Halloween can be a great time for fun and scares, but it can cause some issues too. The extra decorations, the spooky lighting, or the tricks can be a problem for people struggling with their environments. But, there are some simple tips to make things easier.

If you know someone who could use some help around Halloween time, here are some things you can do for them:

  • Provide companionship and a sense of security so any possible troublemakers get the idea more than one person is living in the home.
  • Never leave a senior with dementia or physical limitations home alone on Halloween – they are more sensitive to noises and unfamiliar faces.
  • Keep guests outside - never let an unknown trick-or-treater inside to use the bathroom or make a phone call.
  • Turn on interior and exterior lights during trick-or-treating hours even if no one is home or if the senior chooses not to answer the door. While a dark home may signal to trick-or-treaters that there is no candy, it also tells vandals the house could be empty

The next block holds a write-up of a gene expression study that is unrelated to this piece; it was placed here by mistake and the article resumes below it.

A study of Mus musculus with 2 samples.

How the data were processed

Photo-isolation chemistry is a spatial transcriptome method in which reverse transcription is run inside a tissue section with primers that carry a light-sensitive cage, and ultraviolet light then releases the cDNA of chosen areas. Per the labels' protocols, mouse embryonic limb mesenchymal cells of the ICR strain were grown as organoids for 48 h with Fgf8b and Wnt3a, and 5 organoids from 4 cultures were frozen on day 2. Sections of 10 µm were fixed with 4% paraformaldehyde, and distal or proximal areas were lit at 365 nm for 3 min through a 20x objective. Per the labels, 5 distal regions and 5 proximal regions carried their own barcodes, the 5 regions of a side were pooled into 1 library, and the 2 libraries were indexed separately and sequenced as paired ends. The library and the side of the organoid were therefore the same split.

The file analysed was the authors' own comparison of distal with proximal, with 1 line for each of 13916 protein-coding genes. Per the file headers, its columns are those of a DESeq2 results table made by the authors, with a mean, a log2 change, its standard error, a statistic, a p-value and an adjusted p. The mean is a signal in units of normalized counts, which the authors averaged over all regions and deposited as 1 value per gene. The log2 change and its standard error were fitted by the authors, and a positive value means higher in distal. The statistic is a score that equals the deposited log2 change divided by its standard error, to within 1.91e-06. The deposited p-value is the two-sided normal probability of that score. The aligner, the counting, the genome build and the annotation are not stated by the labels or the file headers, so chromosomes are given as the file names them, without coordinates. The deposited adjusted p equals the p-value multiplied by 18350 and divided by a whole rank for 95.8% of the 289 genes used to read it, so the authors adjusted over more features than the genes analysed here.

• Stay inside while handing out candy.
  • Post a sign on the door that says “Sorry, No More Candy” when the goodies run out.

Some safety tips include making sure your environment isn't overwhelming or too different from usual.

  • Make sure all floors, entry ways and porches are free from decorations
  • Remove any Halloween décor that involves flames, such as a lit pumpkin, from outside stairs and footpaths. This is a fire hazard for the dozens of kids stopping by with tails and capes.
  • Place carved pumpkins outside to keep the smell out and bugs away.
  • Add night lights to hallways, walkways and rooms.
  • Avoid window decorations that block light or the view of the front entry.
  • Don’t play music outside for Halloween guests – be aware of your surroundings.